Minneapolis Mayor Betsy Hodges was among about 60 mayors from around the world who heard from Pope Francis Tuesday in Rome, at a conference focusing on climate change and human trafficking. They were chosen to attend the conference because they support Pope Francis' environmental message, the Associated Press reports.
The pope spoke for about 15 minutes to the group, telling them that humans are causing “destruction” by “not taking care of human ecology and not having an ecological conscience," according to the Star Tribune.
In a series of phone interviews after the conference, Hodges said she was deeply moved by the pope's remarks.
“It was a profound experience,” she told WCCO. “He is a very powerful presence, quietly powerful presence.”
Pope Francis has become a hero to the environmental movement after he released an encyclical last month that calls for the entire world to take bold action to reduce global warming, which he said disproportionately affects the poor.
Another of the pope's priorities is to raise awareness about human trafficking.
The Vatican conference aims to show how the two issues are related, the Associated Press notes: The Earth and its most vulnerable people are being exploited, and climate change triggers more frequent natural disasters that create "environmental refugees" who are forced from their homes.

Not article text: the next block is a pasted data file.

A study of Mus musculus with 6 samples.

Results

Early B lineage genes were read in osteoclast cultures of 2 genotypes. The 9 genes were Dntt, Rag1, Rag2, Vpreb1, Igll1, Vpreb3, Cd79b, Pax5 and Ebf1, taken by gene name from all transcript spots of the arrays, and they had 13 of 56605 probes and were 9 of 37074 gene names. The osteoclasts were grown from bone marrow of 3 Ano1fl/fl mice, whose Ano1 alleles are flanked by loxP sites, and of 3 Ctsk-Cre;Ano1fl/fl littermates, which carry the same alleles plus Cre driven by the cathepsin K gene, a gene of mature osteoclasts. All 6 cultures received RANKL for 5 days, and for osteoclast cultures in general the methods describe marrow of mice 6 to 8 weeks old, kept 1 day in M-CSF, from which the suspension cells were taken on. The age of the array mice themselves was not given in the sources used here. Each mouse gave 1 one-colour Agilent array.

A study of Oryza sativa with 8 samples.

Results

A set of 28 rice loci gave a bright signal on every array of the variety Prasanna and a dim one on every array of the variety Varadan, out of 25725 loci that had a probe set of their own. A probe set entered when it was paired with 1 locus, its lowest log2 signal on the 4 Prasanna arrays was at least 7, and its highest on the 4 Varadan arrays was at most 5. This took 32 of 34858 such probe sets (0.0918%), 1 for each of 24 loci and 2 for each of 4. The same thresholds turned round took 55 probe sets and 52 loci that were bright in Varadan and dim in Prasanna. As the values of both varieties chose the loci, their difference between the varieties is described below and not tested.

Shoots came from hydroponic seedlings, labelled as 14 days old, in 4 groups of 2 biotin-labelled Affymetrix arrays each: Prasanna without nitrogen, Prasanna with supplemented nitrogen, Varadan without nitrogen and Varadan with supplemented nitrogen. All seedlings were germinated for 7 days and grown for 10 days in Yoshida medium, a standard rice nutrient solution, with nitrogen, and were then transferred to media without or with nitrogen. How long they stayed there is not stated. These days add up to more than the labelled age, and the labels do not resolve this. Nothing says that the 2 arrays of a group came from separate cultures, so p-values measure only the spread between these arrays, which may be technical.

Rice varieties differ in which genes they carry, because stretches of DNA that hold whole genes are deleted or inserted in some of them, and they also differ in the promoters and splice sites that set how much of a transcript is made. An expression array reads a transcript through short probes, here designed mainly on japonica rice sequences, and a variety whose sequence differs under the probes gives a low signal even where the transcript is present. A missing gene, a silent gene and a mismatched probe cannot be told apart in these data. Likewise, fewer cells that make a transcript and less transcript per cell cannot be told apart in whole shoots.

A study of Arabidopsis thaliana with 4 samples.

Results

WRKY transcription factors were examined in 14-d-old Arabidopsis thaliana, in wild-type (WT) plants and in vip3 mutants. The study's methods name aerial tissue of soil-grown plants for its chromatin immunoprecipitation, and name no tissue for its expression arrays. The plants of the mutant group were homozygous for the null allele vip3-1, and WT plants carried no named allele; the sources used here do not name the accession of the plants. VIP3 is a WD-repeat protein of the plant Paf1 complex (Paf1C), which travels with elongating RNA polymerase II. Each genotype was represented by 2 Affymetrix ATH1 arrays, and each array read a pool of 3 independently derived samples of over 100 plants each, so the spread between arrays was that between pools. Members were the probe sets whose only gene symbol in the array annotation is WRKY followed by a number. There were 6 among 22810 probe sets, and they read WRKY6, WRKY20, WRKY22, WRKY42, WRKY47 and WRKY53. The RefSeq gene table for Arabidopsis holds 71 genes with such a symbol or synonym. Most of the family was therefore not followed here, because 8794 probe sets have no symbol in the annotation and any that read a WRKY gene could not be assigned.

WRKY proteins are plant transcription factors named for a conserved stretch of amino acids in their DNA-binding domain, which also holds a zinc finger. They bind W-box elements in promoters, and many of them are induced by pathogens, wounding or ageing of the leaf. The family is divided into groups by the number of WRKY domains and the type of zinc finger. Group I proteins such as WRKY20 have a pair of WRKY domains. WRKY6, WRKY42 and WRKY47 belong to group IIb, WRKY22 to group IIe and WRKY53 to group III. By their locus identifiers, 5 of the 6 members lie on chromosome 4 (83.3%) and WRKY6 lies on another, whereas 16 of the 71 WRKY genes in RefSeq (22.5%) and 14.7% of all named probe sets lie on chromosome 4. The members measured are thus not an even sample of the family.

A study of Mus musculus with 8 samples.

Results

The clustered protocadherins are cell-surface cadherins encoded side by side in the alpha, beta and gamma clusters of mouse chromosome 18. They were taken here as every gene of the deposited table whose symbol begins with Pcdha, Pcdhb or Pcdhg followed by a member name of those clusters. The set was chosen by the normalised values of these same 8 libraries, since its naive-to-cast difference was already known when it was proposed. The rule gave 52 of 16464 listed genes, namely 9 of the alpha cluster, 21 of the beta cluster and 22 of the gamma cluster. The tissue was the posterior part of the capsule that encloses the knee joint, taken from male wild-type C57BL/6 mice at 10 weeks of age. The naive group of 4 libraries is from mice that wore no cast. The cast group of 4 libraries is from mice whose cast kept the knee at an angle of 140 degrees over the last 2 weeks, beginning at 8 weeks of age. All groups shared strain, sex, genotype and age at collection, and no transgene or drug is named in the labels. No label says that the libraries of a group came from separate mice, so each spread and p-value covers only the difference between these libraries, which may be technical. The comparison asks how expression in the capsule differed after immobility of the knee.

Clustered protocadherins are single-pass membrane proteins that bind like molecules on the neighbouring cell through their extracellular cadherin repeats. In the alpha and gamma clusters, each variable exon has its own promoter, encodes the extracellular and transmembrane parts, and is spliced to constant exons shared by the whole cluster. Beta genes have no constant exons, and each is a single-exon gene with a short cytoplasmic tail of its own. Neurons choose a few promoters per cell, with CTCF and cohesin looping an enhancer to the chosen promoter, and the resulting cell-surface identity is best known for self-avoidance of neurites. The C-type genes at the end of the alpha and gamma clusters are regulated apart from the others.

"I can see why he inspires people," Hodges told the Star Tribune. "It’s in part because he’s very human, he’s very relatable and he also cares a great, great deal about human beings."
Earlier in the day, about 35 participants spoke to the assembly on the issues, including California Gov. Jerry Brown and New York Mayor Bill de Blasio. Both of them urged the attendees to pressure their national leaders to agree to aggressive action when they meet in Paris later this year to discuss climate change.
After the pope concluded his remarks, he signed a declaration that states that “human-induced climate change is a scientific reality and its effective control is a moral imperative for humanity,” according to the final declaration seen by the Associated Press.
Mayors also signed a statement against human trafficking.
The Star Tribune notes that Hodges has made environmental issues a central theme of her administration. Her trip to Rome was paid for by the conference, according to the newspaper.